Wrangell Sentinel -

Study proposes hydro facilities in Borough

 

Greg Knight

Construction of a third turbine at the Tyee Lake hydroelectric plant is one of the topics discussed in a report issued by the Alaska Energy Association.

A report issued by the Alaska Energy Association, in cooperation with the research group Black and Veitch, has named eight potential locations in the Wrangell area that could be used for hydroelectric generation.

The Southeast Alaska Integrated Resource Plan report states that Anita (Kunk) Lake, Lake Shelokum, Sunrise Lake, Thoms Lake and Virginia Lake could be looked to for future development of sustainable hydropower. The creation of a new dam at Tyee, or construction of a third Tyee turbine is also on the list of possibilities for the borough.

The proposed project at Virginia Lake would be the most expensive, estimated at costing between $103-154 million to build – though the new facility could generate up to 12 MW of capacity and show an annual output of more than 43,000 MWH, and cost between 8-12 cents per KWH.

Comparably, Sunrise Lake, on Woronkofsky Island, could field a facility with a total construction cost of between $16-24 million. That hydroelectric project would only generate a maximum capacity of 4 KW of energy but at a cost of 4-6 cents per KWH.

Jeremy Maxand, the chairman of the Southeast Alaska Power Agency board of directors said the IRP was a necessary step in updating data that was woefully old and inaccurate.

“It became very clear during the IRP process that we don’t have enough good information on potential new hydro sites in the SEAPA service area,” Maxand said. “There are a lot of potential sites that past studies have identified, but modern regulations and our need to ensure water storage capacity so we have power when we most need it, the winter, can narrow that list down quickly.”

In Wrangell this is especially important since so few year-round run-of-the-river sources of water exist.

“The trick is finding a potential hydropower site that allows for storage capacity,” he added. “Our greatest need for power is during the months when there is the least amount of flow on many potential watersheds because of freezing weather and its elevation. So, it’s important that we find a site and project that increases our ability to store water, which is potential energy.”

According to the report, the design of long-term combination generation/storage facilities in Southeast is one of the main factors to be taken into consideration on new projects.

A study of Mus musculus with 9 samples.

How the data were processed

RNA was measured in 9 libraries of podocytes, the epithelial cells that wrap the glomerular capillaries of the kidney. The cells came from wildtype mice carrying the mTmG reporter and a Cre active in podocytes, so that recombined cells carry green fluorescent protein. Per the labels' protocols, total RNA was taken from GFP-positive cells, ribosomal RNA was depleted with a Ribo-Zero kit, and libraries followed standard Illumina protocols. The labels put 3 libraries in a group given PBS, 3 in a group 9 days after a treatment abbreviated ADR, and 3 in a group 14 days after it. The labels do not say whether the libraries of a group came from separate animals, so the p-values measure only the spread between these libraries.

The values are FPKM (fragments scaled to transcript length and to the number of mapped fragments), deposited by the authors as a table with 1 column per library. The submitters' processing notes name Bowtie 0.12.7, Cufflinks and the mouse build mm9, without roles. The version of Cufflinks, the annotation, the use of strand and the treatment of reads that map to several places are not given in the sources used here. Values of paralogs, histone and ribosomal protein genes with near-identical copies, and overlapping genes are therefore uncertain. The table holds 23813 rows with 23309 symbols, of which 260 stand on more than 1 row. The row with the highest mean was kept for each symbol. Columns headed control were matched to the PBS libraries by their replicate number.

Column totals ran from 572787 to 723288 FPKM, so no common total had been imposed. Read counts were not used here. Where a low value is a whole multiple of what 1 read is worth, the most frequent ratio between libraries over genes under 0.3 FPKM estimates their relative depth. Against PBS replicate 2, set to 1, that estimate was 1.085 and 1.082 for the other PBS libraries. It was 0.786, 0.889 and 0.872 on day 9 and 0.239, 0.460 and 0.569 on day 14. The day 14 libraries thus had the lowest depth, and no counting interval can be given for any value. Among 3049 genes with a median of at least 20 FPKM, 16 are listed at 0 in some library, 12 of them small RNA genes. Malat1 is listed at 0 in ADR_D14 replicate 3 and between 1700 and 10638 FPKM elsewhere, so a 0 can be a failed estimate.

“A key driver is the fact that the Southeast region as a whole is currently short of hydroelectric storage capacity,” stated the report. “As a result, potential hydroelectric projects with storage capabilities are more valuable, particularly from a system integration or utilization perspective, than potential run‐of‐the‐river hydroelectric projects.”

Petersburg is also mentioned in the report as having possible hydroelectric development at Cascade Creek, Scenery Creek and Ruth Lake.

AEA project manager James Strandburg said the process to study the possibilities of new hydro plants in Southeast has been a long but necessary goal in meeting the power needs of the region – and that public input was critical to his group.

“While there were clearly some unexpected turns in our journey, the active debate in our many meetings … have been very helpful to our agency,” Strandberg said. “There has not been universal acceptance of the document by any means, but I have been impressed by the public-minded approach that all stakeholders have shown in expressing widely varying thoughts and opinions. The revised document has been thoughtfully assembled to fully consider all public comment, and to provide a final report that is integrated and implements your recommendations as well as many of the public’s ideas.”

Maxand added that while the study isn’t perfect, and doesn’t solve every problem facing Southeast’s power needs, “It does make a start toward ongoing research into sustainable power in the region,” he said.

The input from citizens in the region was also very important, according to Maxand.

“Public involvement in this process was absolutely critical,” Maxand said. “A lot of big questions were asked and concerns were brought to the forefront as a direct result of the public’s involvement and review.”

A timeframe of committed resources in the SEAPA region, including the Kake-Petersburg and Ketchikan-Metlakatla interties, the Whitman Lake hydro project, and possible biofuel development in Wrangell were projected out for coming years in the report as well. The Kake-Petersburg intertie is proposed to be operational by 2015, at a cost of $52.9 million, with 2016 being seen as a feasible date for biofuel manufacturing in Wrangell.